Tara Markley, 19, is crazier about Elvis Presley and his music today than her grandmother was about the Memphis singer more than 50 years ago when he began revolutionizing popular music.
“She’s worse than I am,” laughs Pat Markley, 70, of Olney, who will be attending Saturday’s “One Night with You” tribute concert at the Crowne Plaza Hotel in Rockville with her granddaughter.
“It’ll be a chance to hoot and holler, and get some scarves,” says Tara about Elvis’ habit of giving away tokens to fans in the audience, something the tribute artists in the show also will be doing.
“He was enthusiastic, and he danced and got involved with the crowd there was a lot of energy on stage,” says Tara, who, despite a gap of two generations, became hooked on Elvis after listening to her grandmother’s records and watching videos of his performances.
“I get goosebumps at some of the songs,” says Tara about the tribute shows. “It’s a big thrill that it gives you, a rush of excitement.”
Proceeds from a silent auction and raffle, as well as $5 from each ticket sold, will benefit the National Capital Area chapter of the Leukemia & Lymphoma Society.
Performing will be tribute artists John W. Fix of Gaithersburg, Joey Trites of Florida, Kavan of Columbus, Ohio, and Mario from London, England.
The four each will be singing songs from different eras in Elvis’ career his rockabilly days in the 1950s, movie days in the 1960s and his return to the stage in the 1970s, prior to the icon’s death of a prescription drug overdose at Graceland, his Memphis home, in 1977.
Songs likely are to run the gamut from “Don’t Be Cruel,” “Peace in the Valley” and “Love Me Tender” to “Blue Hawaii,” “Burning Love” and “Amazing Grace.”
At the end of the show, fans will have a chance to request songs, says Fix’s manager, Mary Miller, 72, of Potomac.
Miller had been making regular summer visits to her aunt in Memphis when she heard Elvis’ first commercial song hit the city airwaves in 1954, unleashing a flood of calls from listeners who wanted to hear more, including Miller, who was a teenager at the time.
“I must have called 100 times that night ‘Please play it again,’” remembers Miller, who saw Elvis in person two years later in Memphis at a screening of his first movie, “Love Me Tender.”
Wearing a fringed suede jacket, Elvis was sitting in the movie theater balcony with his girlfriend, Miller recalls.
“Suddenly my knees went weak, and I couldn’t walk,” says Miller, who is a fan to this day.
After seeing John W. Fix on stage during a 2000 Elvis tribute show in New Jersey, Miller asked if he would perform in Maryland at a Red Cross benefit, leading to a series of local “Salute to the King” concerts in the years since. There, Fix would serve as emcee and performer along with other Elvis tribute artists.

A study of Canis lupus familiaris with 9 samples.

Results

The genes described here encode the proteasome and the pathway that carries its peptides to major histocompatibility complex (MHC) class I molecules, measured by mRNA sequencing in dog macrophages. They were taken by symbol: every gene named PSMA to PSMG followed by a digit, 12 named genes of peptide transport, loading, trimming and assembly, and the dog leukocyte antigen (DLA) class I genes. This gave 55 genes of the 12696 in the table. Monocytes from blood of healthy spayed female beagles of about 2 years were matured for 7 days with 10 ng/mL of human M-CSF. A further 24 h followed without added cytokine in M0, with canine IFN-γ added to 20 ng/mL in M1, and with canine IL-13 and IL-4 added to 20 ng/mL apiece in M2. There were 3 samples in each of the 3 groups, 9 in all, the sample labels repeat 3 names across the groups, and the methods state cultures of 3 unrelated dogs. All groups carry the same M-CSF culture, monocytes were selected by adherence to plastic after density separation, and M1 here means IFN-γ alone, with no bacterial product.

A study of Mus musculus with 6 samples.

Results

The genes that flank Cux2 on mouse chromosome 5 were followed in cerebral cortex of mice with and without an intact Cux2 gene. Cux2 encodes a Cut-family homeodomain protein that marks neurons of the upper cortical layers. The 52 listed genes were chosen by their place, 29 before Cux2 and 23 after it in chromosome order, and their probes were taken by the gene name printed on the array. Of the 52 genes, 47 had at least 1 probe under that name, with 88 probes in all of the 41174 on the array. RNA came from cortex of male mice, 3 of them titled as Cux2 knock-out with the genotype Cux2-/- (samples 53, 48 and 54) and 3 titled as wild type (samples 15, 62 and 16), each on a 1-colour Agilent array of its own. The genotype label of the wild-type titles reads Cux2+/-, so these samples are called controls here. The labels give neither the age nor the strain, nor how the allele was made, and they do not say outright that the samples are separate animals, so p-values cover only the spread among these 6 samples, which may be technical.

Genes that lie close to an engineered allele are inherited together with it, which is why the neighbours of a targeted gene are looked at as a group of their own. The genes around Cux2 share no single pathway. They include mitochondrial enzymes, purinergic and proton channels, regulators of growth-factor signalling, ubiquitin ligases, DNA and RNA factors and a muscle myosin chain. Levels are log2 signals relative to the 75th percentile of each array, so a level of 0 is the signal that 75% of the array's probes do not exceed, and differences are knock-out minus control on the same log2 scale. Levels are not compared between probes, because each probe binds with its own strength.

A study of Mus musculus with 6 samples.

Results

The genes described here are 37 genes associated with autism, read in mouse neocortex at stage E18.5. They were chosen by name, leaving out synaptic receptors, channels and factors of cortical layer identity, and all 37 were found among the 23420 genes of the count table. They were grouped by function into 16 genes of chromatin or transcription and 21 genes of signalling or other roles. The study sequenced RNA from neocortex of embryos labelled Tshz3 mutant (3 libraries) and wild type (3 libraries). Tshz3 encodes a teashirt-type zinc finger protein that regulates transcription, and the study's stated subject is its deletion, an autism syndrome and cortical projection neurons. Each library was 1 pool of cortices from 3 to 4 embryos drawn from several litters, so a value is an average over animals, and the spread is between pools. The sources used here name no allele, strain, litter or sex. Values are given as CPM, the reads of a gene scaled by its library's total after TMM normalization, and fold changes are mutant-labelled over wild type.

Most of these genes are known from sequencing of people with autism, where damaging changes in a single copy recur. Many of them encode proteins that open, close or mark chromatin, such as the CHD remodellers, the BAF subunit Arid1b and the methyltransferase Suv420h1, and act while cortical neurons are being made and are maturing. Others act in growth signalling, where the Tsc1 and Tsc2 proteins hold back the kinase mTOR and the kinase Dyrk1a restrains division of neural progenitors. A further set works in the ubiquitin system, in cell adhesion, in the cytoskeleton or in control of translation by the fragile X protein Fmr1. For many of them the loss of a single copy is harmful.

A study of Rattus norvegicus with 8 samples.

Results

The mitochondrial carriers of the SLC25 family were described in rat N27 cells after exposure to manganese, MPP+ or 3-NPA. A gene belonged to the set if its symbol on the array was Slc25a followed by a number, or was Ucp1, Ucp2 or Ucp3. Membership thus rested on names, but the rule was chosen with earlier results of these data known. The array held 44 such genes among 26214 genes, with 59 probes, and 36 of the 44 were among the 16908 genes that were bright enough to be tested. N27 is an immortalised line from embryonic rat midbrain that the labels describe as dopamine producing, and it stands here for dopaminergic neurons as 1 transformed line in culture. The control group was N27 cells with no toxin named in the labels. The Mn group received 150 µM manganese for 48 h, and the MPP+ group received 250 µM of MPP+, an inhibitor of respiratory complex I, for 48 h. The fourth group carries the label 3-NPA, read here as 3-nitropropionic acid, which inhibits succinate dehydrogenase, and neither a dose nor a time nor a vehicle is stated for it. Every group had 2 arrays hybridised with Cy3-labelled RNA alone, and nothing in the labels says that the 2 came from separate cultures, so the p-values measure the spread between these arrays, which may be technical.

“He had a beautiful voice and a great range,” says Fix, 44, who remembers people saying he resembled Elvis as far back as kindergarten.
“There was a picture of me in kindergarten with my lip up,” Fix says.
Fix, who records for Comstock Records, says he admires Elvis’ music, but also the man for trying to treat people well and for respecting his elders.
“He was a rebel with manners,” says Fix, who notes Elvis served as a positive role model for him growing up.
Fix says he enjoys working with Trites, Kavan and Mario, whom he dubs “The Rat Pack, but with Elvis,” with each singer bringing out different stages in Elvis’ musical evolution.
Mario, who declined to share his age, says he first got to know Elvis watching his movies on London television on Saturday mornings. He became an actor and singer and headlines a show in London called “The Elvis Years.”
Mario says although he and his fellow artists have engaged in competitions in the past, for this performance they are working as a team.
“This is not a competition, this is a show,” he says.
Kavan, 24, said the fraternity of tribute artists is like a family and that each member has something different to contribute.
“It’s your perception of Elvis that you’re portraying, and there’s a little bit of yourself in it too,” he says. “I think the audience likes to see multiple guys each depicting a different era in Elvis’ career.”
Also in attendance on Saturday will be Howard and Donna Parzow of Gaithersburg, who grew up dancing to Elvis’ music and appreciate the chance to see a different type of entertainment.
“It’s a fun evening,” Howard says. “There’s nothing in the area you can go to like that.”
Howard, who graduated from Montgomery Blair High School in Silver Spring in 1967, favors Elvis’ early rock and roll from the 1950s, such as “Heartbreak Hotel” and “Jailhouse Rock,” while Donna Parzow prefers his gospel songs.
The Parzows say they’re going with two other couples and looking forward to a night of fun and a night of memories.
“We liked him, and we liked his music,” Howard says. “No one wants to forget Elvis Presley.”